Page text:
Thursday, June 4, 2015

Mexican War, 1846-47

In 1836, Texas decided it wanted to be an independent country and broke free from Mexico. Nine years later, Texas decided it wanted to be part of the United States.

A war ensued.

It lasted a couple of years, provided fodder for a few movies about the Alamo, and was effectively stashed away in American history. It's doubtful it gets much attention in American history studies.

Gov. James Whitcomb
As wars go, it couldn't have been run more inefficiently than it was in Indiana, where on at least three occasions, Gov. James Whitcomb issued a call for troops.

He called for three regiments in May, 1846, and a committee was set up in Brookville to establish a plan for outfitting and paying any who volunteered. Eight bucks a month for a private, who was to supply his own clothing and gear.

By the end of June, the county fully expected to raise two companies for the war along the Rio Grande, where Texas was holding off Santa Ana and his evil Mexican army.

Everyone was ready to fight.

Writes August Reifel in his 1915 county history, "C.F. Clarkson, editor of the American, seemed to be a bellicose individual himself. An editorial in his paper of June 6th, said, 'We believe two companies will be easily raised in this county. The American office is contributing to the rank and file of our gallant army; two or three of our journeymen have already left for the seat of war and two or three more want to go. The editor has enrolled his name and will soon be on his way to Mexico, full of war and cabbage."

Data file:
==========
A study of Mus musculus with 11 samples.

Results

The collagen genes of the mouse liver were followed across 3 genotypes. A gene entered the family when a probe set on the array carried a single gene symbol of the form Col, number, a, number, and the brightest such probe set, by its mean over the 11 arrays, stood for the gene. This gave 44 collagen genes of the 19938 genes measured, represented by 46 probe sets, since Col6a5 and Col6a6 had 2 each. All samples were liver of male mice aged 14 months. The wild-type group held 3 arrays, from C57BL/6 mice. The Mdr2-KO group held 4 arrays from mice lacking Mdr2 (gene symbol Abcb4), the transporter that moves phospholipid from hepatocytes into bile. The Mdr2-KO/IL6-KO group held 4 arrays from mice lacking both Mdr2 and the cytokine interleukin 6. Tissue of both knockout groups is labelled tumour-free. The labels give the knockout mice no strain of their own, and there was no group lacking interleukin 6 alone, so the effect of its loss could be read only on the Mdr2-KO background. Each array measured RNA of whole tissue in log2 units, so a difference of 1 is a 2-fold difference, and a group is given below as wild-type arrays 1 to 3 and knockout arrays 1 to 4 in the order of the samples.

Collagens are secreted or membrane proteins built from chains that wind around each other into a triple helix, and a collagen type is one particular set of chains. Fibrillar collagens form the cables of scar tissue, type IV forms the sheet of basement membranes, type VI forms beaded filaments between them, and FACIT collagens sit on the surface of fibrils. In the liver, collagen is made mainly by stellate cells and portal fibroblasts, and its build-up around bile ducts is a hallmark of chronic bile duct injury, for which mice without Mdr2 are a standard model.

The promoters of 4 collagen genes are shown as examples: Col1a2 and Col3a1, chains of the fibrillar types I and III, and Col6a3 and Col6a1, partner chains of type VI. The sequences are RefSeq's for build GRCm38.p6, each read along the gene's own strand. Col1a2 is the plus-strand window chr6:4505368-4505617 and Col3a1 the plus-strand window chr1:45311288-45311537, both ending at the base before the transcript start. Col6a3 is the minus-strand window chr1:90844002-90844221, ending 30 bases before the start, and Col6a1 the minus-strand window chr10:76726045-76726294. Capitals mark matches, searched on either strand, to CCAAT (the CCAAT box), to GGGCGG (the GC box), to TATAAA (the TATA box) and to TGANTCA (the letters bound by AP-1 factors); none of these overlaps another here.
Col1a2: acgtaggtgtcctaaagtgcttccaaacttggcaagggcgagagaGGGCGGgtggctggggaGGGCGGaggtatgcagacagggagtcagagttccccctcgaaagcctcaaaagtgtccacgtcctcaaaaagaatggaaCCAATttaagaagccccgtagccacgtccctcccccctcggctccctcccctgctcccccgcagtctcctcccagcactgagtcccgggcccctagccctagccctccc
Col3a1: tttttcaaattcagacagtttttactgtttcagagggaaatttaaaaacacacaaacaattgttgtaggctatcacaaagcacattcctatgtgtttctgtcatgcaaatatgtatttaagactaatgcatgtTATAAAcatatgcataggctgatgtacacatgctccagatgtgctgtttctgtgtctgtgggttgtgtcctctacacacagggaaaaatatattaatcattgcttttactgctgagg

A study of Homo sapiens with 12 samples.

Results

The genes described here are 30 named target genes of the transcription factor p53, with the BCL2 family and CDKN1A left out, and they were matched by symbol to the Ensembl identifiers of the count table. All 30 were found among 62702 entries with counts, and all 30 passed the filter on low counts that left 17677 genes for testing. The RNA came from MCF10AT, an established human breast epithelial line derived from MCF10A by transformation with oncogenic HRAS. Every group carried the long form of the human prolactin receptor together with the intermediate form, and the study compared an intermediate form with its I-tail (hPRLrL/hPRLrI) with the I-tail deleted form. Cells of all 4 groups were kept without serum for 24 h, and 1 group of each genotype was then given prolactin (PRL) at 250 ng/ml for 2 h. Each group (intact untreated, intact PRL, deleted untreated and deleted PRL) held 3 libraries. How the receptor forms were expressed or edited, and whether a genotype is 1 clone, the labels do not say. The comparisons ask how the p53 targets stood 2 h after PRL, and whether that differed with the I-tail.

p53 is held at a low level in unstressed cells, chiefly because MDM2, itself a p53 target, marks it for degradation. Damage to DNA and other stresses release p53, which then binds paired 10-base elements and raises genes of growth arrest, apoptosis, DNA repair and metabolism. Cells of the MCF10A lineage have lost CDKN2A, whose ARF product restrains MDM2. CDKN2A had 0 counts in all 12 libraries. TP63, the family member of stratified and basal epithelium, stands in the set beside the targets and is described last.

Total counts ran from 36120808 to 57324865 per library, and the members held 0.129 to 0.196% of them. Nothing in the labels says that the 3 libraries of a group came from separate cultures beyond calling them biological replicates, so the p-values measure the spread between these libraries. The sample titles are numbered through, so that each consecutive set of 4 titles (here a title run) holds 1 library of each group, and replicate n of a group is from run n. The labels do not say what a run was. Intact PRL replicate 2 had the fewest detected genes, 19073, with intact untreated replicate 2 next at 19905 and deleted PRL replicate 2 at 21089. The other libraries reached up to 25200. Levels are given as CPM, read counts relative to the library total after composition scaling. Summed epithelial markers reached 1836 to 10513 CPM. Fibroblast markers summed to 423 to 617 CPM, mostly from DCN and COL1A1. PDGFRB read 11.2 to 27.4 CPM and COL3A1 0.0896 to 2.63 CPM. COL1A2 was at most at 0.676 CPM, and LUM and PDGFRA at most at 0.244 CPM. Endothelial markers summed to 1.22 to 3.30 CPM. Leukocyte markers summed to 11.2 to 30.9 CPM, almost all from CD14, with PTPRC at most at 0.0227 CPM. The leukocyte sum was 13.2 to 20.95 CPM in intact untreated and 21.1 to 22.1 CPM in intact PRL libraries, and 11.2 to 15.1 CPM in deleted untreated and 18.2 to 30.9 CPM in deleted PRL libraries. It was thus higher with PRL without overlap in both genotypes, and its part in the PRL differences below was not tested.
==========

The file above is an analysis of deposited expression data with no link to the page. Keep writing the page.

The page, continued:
Soon, the Franklin Guards were established and were ready to depart a few days later for New Albany. They traveled by canal boat.

How-ev-er ... Indiana as a state was only required to furnish 30 companies for the conflict. The Franklin Guards were No. 31 ... and were essentially told that they would not be dispatched to the war unless another company failed to show up.

Clarkson, the angry editor, blamed the governor in the harshest terms. "We have no doubt that our company was outrageously treated by the Governor. We have been told by a distinguished Democrat of this congressional district that he was in the secretary of state's office when the offer of the Franklin Guards arrived at that office -- and that it was the 28th company. But it was pushed over to make way for some favorite."

Anecdotal evidence supports Clarkson's complaint, Reifel concludes.

In any event, Whitcomb was called "the damnest rogue of all ... and so universally despised is he here that each soldier thinks it is his duty to insult him."

Most of the Franklin Guards hooked up with other outfits.

As time went on, Whitcomb issued more challenges to raise troops for the war and met with some success, though it seems that most Hoosiers who volunteered to fight in the Mexican War did so on their own, with some of them joining the Texas Rangers.

Reifel says no logical records of the Indiana roster exist because Whitcomb's blunders prevented the establishment of true Indiana companies or regiments.

Several Franklin County doctors served in the war.

The war itself came to a close in July 1847.

"It seems appropriate to close the discussion of the war with a picnic--or an account of one at least. On July 13, an all-day picnic and big dinner was given in Butler's Grove adjoining Brookville in honor of the veterans who had just returned to their homes.

"Unfortunately the issues of the local papers for that week are missing, but to the soldiers of this county, those from adjoining counties had been asked to attend.

"As far as is known, Alfred Stoops is the only Franklin County volunteer who lost his life on Mexican soil."